There are people out there that will claim you can play metal on any kind of guitar, as long as it’s electric and has pickups. While this isn’t necessarily false, case in point Dave Murray of Iron Maiden, it’s not that black and white. Modern guitar accessories and various guitar effects pedals can squeeze out a mean tone out of something like a Squire, which is absolutely true. But it doesn’t mean that Squire is the best guitar you can get for metal.
Today we’re going to talk about what makes a good metal guitar. There are several key elements that need to meet certain standards if you want the best tone possible. If you think you need to spend a fortune on a good guitar for metal, don’t worry. There are pretty decent affordable guitars that will get the job done just fine. With that sad, let’s jump straight to the matter at hand.
If you feel like diving into the meaty bit right away, check out our list of Best Metal Guitars on today's market.
If you look at modern metal guitars, you will find a pattern. First thing that is easily noticed is the presence of humbuckers. You will hardly find a metal guitar that doesn’t have at least one of these. The second thing is a thin neck followed by an agile bridge and hardware. Finally, we have the choice of tonewood. Let’s go over each of these and see how they ultimately affect the sound.
Why humbuckers? The answer is rather simple. Single coil pickups have all the accuracy you could ever need, but they lack width. When you saturate the signal with high gain distortion, single coil pickups get quickly overwhelmed. All of that sonic accuracy is gone, and you are left with a very muddy tone that somewhat shallow despite all the gain. Humbuckers not only solve that issue but they also eliminate the pickup hum, which is the biggest flaw of single coils. Humbuckers generally come in tow versions. You have active and passive humbuckers. Passive humbuckers are generally found on less expensive guitars, and are more expressive.
Active humbuckers on the other hand have a lot stronger output but lack some of that clarity. There are some guitar players who will say that active pickups are always better than passive, however there are passive humbuckers out there which run laps around the most popular set of EMGs on the market right now. It’s all relative, and depends on the type of metal you play, and your playing style. What matters the most is to have at least one humbucker on your guitar.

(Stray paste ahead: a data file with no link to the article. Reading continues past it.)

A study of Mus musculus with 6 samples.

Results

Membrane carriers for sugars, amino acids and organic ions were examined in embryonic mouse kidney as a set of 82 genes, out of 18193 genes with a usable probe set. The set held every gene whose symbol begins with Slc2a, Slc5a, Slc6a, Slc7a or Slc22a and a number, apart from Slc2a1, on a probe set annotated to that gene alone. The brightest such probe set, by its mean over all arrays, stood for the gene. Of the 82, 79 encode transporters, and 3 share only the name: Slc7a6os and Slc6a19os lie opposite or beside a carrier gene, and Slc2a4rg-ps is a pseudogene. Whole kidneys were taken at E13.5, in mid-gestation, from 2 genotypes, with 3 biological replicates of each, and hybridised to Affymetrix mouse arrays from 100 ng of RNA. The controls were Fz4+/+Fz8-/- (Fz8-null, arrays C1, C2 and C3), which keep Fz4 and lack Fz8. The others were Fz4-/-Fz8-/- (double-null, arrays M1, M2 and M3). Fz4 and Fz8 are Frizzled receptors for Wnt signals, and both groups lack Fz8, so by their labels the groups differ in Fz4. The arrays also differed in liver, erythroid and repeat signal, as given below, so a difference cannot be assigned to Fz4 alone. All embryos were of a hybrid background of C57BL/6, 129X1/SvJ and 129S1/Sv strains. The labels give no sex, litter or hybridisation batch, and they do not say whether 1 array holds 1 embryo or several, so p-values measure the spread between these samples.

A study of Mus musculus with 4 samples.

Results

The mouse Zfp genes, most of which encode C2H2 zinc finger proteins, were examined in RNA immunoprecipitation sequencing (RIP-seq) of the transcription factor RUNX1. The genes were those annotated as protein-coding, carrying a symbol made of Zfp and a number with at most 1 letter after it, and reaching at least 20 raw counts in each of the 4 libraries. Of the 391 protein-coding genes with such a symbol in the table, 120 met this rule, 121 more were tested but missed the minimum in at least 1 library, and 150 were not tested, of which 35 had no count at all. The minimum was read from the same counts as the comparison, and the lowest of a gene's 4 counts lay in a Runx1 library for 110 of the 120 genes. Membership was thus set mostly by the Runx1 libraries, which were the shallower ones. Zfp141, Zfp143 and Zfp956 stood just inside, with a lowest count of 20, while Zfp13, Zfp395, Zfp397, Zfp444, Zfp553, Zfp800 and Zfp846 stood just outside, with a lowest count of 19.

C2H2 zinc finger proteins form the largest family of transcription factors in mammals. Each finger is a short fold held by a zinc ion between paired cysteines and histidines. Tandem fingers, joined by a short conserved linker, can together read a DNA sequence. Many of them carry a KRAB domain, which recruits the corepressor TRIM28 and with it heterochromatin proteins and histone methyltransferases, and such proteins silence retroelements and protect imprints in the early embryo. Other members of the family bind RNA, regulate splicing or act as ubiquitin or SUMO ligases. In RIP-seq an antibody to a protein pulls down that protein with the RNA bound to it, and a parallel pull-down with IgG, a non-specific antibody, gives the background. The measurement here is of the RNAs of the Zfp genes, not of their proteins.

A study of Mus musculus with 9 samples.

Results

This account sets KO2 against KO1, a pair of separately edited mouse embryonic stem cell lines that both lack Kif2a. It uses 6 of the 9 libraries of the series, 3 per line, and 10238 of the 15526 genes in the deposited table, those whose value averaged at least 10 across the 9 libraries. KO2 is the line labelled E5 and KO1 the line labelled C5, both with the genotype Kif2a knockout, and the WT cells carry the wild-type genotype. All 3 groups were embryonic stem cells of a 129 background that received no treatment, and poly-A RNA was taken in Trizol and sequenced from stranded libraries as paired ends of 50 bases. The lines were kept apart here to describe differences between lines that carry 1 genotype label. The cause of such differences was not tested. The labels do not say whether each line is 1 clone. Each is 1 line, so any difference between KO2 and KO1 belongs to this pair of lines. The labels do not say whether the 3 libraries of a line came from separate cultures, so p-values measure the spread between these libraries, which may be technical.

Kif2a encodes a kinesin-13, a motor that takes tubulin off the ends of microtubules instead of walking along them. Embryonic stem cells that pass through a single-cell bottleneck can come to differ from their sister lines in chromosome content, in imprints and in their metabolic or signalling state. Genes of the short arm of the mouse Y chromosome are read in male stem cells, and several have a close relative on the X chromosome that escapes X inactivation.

Many people associate metal music with fast solo sections and a lot of shredding. As a matter of fact, this is a pretty decent way to describe metal in general. In order to make a guitar more suitable for fast solos, guitar manufacturers started slimming down the neck profiles on their models meant for metal. These days a thin neck is pretty much standard. Is it absolutely crucial to have a slim neck in order to play metal? No, not really, but it sure helps when you have a lot of hard solo sections to deal with.
Bridge on a guitar built for metal is usually going to be a tremolo design of some kind. Floyd Rose is by far the most common solution on the market, while this company also licensed a wide variety of guitar manufacturers to build their own versions of this legendary bridge. Having a tremolo bridge is great as it gives you more flexibility, and allows you to dive bombs or crazy vibratos. A lot of big names in metal heavily rely on tremolo bridges for their music. If you don’t get a tremolo bridge, you are probably going to see a Tune-O-Matic bridge of some kind. This is becoming more and more true, especially these days. Standard fixed bridge is slowly becoming a minority in a market category it used to dominate.
In terms of hardware such as tuners, you are usually going to see heavy duty versions. The reason for this is the fact that metal music takes a toll on the strings in more than one way. Having a set of locking tuners will help immensely with maintaining a tuning, and generally being able to accurately tune your guitar.
The choice of tonewood on metal guitars will vary depending on the price bracket that guitar is in. The best you can get for metal is probably going to be mahogany. It resonates well and has the depth necessary to push out even the most brutal riffs. The more affordable tonewood you will usually see is often going to be basswood. This is a soft wood which makes it somewhat fragile, but the tonal quality is there.
These four factors alone will define a great guitar for metal. However, you can go even deeper. Thankfully, finding a guitar that has all the qualities to be used in metal music is anything but difficult these days. There are many manufacturers out there who offer a whole range of great guitars that vary in price and performance, but most of which will be more than enough to get the job done.
If you would like to learn more about brands which make the best metal guitars at the moment, check out our article here ‘Who Makes The Best Guitars for Metal’. The last thing you should be worrying about when shopping for metal friendly guitars is aesthetics. Sure, if you like the way a guitar looks, you should have it. However, don’t make your decision solely based on the looks. Rather, use the appearance as a bonus.